HTC One X review
A quad-core processor, plenty of storage space and a camera that rivals a compact digital camera - the HTC One X is the best Android phone currently available
Review Date: 17 Apr 2012
Price when reviewed: £485
Reviewed By: Barry de la Rosa
HTC's One X is a collection of firsts. It's the first HTC handset with Android 4.0 Ice Cream Sandwich, the first with a 720x1,280-pixel screen, and the first with a quad-core processor; its Nvidia Tegra 3 chipset even includes a GeForce graphics core and a "companion core" - a fifth processor core that takes over essential functions when the phone is idle to save power.
The huge 4.7in screen's IPS panel is bright and colourful, if not quite as punchy as the OLED screens on the Motorola RAZR or Samsung Galaxy Nexus. The screen's contrast also can't match that of its rivals. Blacks weren't as deep and whites not as bright in our side-by-side tests with those phones. Colours were on the vibrant rather than accurate side, although you may prefer this for gaming and reading websites. The 720p resolution is ideal for web browsing; we could easily read headline and summary text on the BBC News homepage in landscape mode, and then double-tap to zoom in to individual stories.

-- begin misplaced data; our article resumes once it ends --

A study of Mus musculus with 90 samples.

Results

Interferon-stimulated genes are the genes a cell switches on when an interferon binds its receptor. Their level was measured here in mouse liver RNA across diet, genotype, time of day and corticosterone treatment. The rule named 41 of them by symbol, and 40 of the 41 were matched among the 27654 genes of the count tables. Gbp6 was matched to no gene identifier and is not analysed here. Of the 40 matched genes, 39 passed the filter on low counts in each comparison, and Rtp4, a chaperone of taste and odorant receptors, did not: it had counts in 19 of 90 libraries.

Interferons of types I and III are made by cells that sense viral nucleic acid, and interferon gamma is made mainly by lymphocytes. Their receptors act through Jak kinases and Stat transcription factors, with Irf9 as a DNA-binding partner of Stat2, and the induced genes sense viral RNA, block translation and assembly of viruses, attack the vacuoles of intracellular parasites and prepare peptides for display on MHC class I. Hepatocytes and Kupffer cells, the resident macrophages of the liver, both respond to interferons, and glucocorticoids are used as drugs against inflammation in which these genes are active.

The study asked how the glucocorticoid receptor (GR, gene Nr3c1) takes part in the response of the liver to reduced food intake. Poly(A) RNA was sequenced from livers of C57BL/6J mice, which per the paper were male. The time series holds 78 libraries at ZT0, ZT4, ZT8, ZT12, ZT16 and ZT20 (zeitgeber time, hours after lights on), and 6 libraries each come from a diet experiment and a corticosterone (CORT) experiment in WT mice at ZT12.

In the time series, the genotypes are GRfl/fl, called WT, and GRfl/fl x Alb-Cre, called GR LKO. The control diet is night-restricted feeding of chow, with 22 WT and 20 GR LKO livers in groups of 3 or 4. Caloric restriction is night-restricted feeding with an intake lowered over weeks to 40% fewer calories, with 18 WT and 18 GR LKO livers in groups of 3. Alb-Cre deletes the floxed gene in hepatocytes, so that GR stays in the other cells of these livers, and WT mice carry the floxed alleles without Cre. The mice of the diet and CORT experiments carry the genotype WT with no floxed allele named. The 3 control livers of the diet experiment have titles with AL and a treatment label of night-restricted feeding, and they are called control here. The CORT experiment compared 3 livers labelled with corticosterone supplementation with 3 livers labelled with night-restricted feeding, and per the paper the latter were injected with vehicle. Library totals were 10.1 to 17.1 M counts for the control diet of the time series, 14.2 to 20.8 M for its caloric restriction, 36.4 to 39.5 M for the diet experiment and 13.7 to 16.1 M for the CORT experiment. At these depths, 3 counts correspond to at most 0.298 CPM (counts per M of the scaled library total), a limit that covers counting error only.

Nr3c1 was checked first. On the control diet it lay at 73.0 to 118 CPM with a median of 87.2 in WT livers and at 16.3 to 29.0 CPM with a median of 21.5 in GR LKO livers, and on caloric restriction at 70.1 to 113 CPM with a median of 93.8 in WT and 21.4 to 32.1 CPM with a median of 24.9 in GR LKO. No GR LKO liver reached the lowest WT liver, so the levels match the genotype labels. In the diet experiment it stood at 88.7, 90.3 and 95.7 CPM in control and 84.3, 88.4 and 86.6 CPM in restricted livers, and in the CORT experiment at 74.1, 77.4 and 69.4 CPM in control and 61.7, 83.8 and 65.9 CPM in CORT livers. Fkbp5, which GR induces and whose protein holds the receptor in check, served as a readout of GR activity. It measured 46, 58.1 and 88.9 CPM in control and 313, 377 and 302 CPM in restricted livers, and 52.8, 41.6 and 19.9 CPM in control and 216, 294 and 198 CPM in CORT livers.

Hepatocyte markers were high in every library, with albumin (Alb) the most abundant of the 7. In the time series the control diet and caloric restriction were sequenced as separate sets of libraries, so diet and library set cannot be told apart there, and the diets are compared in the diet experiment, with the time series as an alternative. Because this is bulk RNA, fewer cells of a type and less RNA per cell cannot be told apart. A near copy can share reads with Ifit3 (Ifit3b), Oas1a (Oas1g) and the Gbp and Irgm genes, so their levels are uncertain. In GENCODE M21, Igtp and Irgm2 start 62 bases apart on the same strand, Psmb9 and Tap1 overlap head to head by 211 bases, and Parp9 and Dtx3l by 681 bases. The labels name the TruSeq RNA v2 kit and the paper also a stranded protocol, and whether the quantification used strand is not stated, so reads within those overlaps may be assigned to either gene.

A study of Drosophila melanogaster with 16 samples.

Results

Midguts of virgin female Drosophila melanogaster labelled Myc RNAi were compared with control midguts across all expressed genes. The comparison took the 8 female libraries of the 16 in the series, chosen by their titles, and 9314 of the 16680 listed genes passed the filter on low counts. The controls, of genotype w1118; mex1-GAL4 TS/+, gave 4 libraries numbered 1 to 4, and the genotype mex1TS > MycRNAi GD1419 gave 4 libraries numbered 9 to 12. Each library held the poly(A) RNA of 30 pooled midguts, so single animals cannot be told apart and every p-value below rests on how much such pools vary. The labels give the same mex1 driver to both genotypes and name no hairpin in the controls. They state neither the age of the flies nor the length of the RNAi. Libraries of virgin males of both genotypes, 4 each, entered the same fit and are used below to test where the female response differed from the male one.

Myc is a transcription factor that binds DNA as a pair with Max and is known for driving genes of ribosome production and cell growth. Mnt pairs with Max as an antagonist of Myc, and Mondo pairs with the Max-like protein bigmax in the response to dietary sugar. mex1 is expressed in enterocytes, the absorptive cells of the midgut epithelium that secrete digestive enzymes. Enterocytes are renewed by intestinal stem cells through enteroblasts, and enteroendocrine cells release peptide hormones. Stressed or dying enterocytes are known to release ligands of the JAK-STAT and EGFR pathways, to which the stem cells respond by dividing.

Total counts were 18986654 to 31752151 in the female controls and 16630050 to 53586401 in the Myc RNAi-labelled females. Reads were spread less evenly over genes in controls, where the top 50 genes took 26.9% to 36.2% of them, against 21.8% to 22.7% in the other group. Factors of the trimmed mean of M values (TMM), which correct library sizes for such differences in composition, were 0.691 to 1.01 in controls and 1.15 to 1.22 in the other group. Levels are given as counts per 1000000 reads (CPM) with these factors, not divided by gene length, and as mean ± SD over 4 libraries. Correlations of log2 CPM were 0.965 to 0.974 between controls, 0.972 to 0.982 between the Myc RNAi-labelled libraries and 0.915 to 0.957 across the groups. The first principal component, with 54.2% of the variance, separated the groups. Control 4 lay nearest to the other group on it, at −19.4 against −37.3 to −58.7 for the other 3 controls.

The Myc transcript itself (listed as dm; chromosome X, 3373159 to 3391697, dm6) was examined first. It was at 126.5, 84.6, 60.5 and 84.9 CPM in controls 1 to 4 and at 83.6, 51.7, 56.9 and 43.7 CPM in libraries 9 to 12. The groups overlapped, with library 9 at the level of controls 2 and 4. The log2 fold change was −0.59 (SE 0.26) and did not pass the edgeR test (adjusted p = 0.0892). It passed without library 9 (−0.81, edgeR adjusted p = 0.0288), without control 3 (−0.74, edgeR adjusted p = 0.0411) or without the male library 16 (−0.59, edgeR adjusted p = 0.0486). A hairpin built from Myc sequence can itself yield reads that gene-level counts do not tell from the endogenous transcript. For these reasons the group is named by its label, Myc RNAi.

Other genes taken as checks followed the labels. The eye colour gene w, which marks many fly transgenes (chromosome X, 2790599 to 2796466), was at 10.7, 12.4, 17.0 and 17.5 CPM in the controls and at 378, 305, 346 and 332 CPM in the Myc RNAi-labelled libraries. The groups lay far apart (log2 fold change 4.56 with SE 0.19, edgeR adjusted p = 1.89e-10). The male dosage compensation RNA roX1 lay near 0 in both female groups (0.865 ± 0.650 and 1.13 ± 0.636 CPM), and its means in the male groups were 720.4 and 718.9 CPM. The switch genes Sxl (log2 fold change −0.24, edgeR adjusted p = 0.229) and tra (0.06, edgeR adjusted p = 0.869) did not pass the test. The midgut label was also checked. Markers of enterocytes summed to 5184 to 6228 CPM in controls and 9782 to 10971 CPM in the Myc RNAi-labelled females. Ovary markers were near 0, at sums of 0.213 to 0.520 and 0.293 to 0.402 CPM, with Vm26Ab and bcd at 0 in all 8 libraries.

The One X's screen is rounded at the edges and sits proud of its white surround. There's very little space around the screen, except at the bottom where three touch-sensitive buttons handle Back, Home and the new Open Tasks function, which shows which apps are currently running. The handset is light and comfortable to hold, with the matt-white plastic providing adequate grip.
With the Android 4.0 operating system comes HTC's own Sense 4.0, a collection of apps, widgets and customisations designed to improve on Android's own interface. We've mentioned previously how manufacturers and network operators often load phones with software that can't be uninstalled, and which duplicates or even removes Android's own functions, but Sense has always been one of the less intrusive examples. Sense 4.0 adds features that complement Android's own software.
For a start, Sense beefs up the camera app, adding plenty of extra features that take advantage of the One X's dedicated imaging chip. There's a fast multi-capture mode which you access by holding down the shutter button, and it saves these pictures as a collection so you can browse for the best one. Pictures can be snapped in 0.7 seconds, with a 0.2 second auto-focus, and you can go straight to the camera from the lock screen to speed things up.